A flood of art? The market issues around museum deaccessioning

A flurry of museum pieces is heading to auction, but will there be enough buyers for them?

US museums have been selling off works to deal with financial difficulties due to the pandemic © Illustration by Katherine Hardy

“If all the museums start selling their collections, they are going to flood the market.” So said the dealer and collector Adam Lindemann, speaking to Josh Baer on his No Reserve show this month. And: “I do believe there are lots more works of art to come [for sale],” responded Marc Porter, the president of Christie’s Americas, who also featured in No Reserve.

It is no secret that museums are in crisis worldwide, facing a massive collapse in revenue caused by the forced shutdown at the beginning of the year and meagre visitor numbers since reopening.

In the US, the American Association of Museum Directors (AAMD) relaxed its rules on deacesssioning in April, granting a two-year “window” for selling to increasingly beleaguered museums. AAMD is allowing the money raised to pay for the direct care of the collection, and not just compulsorily ploughed back into buying other works.

Museums have leapt on this opportunity, even if some deny it is to keep the lights on but rather to diversify their collections. So far, art museums in Brooklyn, Syracuse (the Everson), Indianapolis, Fort Worth, Baltimore, Monclair, Laguna Beach and Springfield have all put up works for sale.

“Museum deaccessions come in two categories,” Porter says. “The first is the traditional paring of a collection, which has always existed—but now is used to diversify towards works by artists of colour, women artists and living artists. The second is the use of the proceeds of such sales for collection maintenance, which is a reflection of these economic times. This is absolutely a change in the market."

The market generally loves deaccessioned works; museum provenance adds the lustre of validation, and consequently monetary value. But will there just be too many of these works on the block in the coming months, and will there be enough buyers for them? Will works by dead white male artists (which is almost invariably the case) have the same attraction for those buyers? And finally, with an inevitably smaller market due to the crisis, can prices be sustained?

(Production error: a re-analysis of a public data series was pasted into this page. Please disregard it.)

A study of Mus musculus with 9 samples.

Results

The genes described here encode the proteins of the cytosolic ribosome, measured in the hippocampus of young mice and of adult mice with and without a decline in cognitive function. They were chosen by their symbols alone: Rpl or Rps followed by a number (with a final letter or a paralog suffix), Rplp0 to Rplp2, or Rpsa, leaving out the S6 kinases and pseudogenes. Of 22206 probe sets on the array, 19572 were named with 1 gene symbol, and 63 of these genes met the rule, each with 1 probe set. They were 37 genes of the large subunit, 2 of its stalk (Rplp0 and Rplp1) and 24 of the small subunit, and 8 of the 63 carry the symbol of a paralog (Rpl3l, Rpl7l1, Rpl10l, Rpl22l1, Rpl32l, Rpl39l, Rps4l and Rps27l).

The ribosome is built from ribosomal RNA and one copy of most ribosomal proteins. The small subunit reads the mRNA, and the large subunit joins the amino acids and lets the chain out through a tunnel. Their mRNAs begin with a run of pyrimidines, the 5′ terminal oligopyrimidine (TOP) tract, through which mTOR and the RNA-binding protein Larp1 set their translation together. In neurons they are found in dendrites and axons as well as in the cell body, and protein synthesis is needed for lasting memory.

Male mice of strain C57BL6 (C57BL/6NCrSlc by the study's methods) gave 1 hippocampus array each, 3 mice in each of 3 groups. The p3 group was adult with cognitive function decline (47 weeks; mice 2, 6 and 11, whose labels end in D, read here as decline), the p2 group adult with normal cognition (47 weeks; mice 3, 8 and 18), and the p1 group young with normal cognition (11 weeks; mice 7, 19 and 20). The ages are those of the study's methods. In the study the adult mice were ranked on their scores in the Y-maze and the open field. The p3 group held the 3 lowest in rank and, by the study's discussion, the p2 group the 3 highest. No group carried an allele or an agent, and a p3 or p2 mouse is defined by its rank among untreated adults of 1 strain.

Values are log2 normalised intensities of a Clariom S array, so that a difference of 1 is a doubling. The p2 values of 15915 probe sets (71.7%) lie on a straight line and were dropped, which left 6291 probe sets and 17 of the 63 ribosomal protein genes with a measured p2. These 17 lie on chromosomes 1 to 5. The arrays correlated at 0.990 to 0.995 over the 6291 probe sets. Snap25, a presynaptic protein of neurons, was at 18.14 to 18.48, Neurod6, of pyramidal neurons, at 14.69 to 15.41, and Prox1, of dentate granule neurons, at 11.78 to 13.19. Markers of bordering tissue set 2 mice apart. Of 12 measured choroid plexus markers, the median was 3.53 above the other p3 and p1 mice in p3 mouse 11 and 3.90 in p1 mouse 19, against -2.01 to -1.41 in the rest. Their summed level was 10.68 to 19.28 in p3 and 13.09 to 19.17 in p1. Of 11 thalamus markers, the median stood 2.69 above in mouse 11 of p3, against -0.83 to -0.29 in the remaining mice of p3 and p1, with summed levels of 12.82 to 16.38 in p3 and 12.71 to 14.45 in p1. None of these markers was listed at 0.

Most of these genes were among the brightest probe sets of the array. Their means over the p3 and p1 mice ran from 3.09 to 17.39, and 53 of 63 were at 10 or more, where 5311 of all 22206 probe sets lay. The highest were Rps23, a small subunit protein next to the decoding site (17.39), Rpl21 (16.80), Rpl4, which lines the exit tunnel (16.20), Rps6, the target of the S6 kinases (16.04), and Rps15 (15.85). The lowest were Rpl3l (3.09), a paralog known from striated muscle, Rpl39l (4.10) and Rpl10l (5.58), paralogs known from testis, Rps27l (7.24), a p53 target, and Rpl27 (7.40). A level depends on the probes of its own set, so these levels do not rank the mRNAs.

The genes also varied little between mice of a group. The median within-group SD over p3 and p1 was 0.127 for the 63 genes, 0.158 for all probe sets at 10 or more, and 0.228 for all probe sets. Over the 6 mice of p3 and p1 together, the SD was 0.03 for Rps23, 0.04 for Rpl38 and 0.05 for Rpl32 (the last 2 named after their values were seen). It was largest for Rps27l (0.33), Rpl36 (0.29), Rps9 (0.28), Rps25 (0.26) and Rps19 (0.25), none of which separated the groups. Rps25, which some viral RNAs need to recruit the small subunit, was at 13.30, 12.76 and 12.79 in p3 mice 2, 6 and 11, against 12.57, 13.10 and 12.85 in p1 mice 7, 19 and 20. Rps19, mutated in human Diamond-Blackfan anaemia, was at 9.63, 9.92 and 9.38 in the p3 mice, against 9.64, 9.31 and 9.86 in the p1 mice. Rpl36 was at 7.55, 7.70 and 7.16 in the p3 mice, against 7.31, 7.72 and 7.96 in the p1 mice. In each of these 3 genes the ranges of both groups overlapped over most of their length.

Nick Maclean, a secondary market dealer based in London, is positive: “There are still plenty of collectors out there to absorb these works. As long as the estimates remain conservative, I am not worried for the outcomes,” he says.

Spencer Ewen of the art advisors Gurr Johns agrees, but with some provisos: “My view is that the appetite to buy is there, but museums must be cautious when making their choices. The outcomes will depend on what they choose to sell; certain compositions and subjects, such as more inaccessible religious works, won’t sell so easily. And to an extent the market will self-regulate: if the market gets to boiling point, we would advise vendors accordingly.”

Jackson Pollock, Red Composition (1946), sold at Christie's for $12m © Christie's Images Ltd. 2020

For the moment, all is going reasonably well. While Everson’s Jackson Pollock [Red Composition, 1946] only made low estimate at $12m, the Brooklyn Museum of Art clocked up $6.8m from ten of 12 works consigned to Christie’s, the bulk represented by just one painting, Cranach the Elder’s Lucrecia (1530s) which doubled estimate at $5.07m.

The day after that sale, however, the museum announced further disposals, this time at Sotheby’s, including works by Claude Monet, Edgar Degas, Joan Miró and Henri Matisse. Which rather bears out the fears of James H. Duff, the past chair of the Professional Issues Committee of the AAMD, speaking on the ARTscoping podcast: “Museums may develop a taste for funds derived from sales of art,” he warned. Putting the toothpaste back in that tube, in 18 months’ time, may prove to be more difficult than it appears today.